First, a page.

Hotel GOLDEN TULIP MIDTOWN - 4 stars
Hotel GOLDEN TULIP GALLERIA LEBANON - 5 stars
Hotel GOLDEN TULIP SERENADA HAMRA - 4 stars
Hotel ROYAL TULIP ACHRAFIEH - 5 stars
Hotel GOLDEN TULIP HOTEL DE VILLE - 4 stars
Beirut City Guide
Beirut is a dynamic and bold city with a long history of regime change. Over the past 5000 years, this city by the Mediterranean Sea has been host to the Phoenician, Roman, and Ottoman Empires. Lebanon gained its independence from France after WWII, with Beirut remaining its capital to this day. After a period of civil war the city has bounced back and is once again a bustling and cosmopolitan capital of fashion, commerce, and culture. ¶ As a result of its multiple historical changes, today's Beirut city guide feels like a combination of many different cities rolled into one. In its heady old town, you'll find exquisite architecture like the Ottoman Majidiya Mosque. Neighbourhoods like Achrafiye are young and trendy, with quirky shops and hip bars. Cap it all off with the tranquillity of the deep blue Mediterranean viewed from the Corniche at sunset for a relaxing visit.
Things to do in Beirut
Many are drawn to Beirut for its hedonistic nightlife, but its cultural heritage is also worth exploring. Don't miss a trip to the National Museum of Beirut, which is stocked with artefacts spanning thousands of years. A walk through the city's centre allows you to admire its innovative architecture, including the former Green Line which divided East and West Beirut during the civil war. You'll see faded Ottoman mansions next to ornate mosques such as the Mohammed al-Amin Mosque in Martyr's Square. Marvel at the colourful stained glass of the Sursock Museum, which is lit up at night to further enhance its kaleidoscopic beauty. One of the best things to do in Beirut is to finish your day with a walk along the peaceful Corniche.
Things to see in Beirut
There's no shortage of top quality museums, but the contemporary art scene is also one of the most interesting things to see in Beirut. The Beirut Exhibition Centre or Beirut Art Centre are the perfect places to start, both are industrial sized spaces featuring the latest movers and shakers. Pigeon Rocks is an impressive offshore rock formation that can be viewed from the Corniche and there are trails leading down to these rugged cliffs. When you're ready to indulge in a little retail therapy, head down to the Mar Mikhael neighbourhood. The area's garages have been transformed into independent boutiques in an industrial setting. Inhale the scent of dusty used books and admire the sleek curves of modernist furniture design in this labyrinthine quarter.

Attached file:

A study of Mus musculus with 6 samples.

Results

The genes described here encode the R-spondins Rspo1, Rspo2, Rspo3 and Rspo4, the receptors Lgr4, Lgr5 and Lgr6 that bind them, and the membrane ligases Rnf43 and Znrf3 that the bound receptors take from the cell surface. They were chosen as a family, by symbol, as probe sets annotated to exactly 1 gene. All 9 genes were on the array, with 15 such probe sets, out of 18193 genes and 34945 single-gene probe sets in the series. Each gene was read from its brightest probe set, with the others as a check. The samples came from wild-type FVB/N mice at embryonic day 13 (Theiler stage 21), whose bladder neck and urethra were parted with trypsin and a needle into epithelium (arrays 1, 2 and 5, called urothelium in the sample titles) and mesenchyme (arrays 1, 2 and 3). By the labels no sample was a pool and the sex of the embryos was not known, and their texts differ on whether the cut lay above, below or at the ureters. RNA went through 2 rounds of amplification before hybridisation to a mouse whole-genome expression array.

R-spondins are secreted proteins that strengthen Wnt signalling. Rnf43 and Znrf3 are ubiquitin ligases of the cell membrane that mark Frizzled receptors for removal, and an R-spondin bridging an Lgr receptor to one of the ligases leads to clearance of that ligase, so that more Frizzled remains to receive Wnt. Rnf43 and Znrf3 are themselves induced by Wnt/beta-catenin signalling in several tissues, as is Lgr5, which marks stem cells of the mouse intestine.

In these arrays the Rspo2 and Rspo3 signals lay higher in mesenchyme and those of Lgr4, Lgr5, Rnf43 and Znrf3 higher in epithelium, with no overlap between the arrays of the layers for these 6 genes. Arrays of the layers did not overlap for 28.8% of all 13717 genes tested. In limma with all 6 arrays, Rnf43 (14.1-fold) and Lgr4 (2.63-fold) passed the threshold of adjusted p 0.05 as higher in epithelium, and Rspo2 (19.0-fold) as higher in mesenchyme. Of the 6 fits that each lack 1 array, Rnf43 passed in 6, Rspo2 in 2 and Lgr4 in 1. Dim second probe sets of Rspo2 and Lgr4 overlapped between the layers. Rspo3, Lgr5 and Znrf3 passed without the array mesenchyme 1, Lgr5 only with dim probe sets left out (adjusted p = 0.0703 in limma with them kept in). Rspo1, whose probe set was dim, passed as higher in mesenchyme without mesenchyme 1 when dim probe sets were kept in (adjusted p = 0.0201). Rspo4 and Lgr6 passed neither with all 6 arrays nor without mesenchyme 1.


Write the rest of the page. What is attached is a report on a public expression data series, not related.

Beirut is served by Lebanon's only international airport, Beirut Rafik Hariri International. It's located just 10-15 minutes away from the city centre. Although there isn't any public transportation to or from the airport, it's well served by inexpensive taxis. Within the city, there is a convenient network of public buses operated by the Lebanese Commuting Company and OCFTC. These will take you to the majority of tourist destinations within the city. For a cheap form of Beirut transport, try hailing a service taxi. These are shared with three other passengers, all of whom pay a flat fee for the service.
Lebanon's diverse range of religions and cultures means that there are public holidays throughout the year, as well as a number of cultural Beirut events. June's Fete de la Musique opens up the normally congested city streets to a range of diverse local music acts, or you can enjoy the underrated products of Lebanon's vineyards during the city's Vinifest in October. The Hay Festival is a celebration of intellectual thought, culture and the arts, with writers and artists giving talks around the city. Runners from all over the world attend the Beirut Marathon each fall, with over 70 nationalities represented.
Restaurants in Beirut
One of Beirut's biggest claims to fame is its hummus, the rich chickpea and tahini spread that's become a staple condiment around the world. Here it's served dripping with lusciously fruity olive oil as part of a larger mezze spread. ¶ From fine dining to street food, restaurants in Beirut provide a feast for the senses. Don’t miss the farmers' market at Souk el Tayeb, which is filled to the brim with freshly squeezed juices, fig jam, and tart cheese. Visit "Little Armenia" in Bourj Hammoud for 24-hour food stalls. For upscale fine dining, visit the trendy lounges of Gemmayzeh.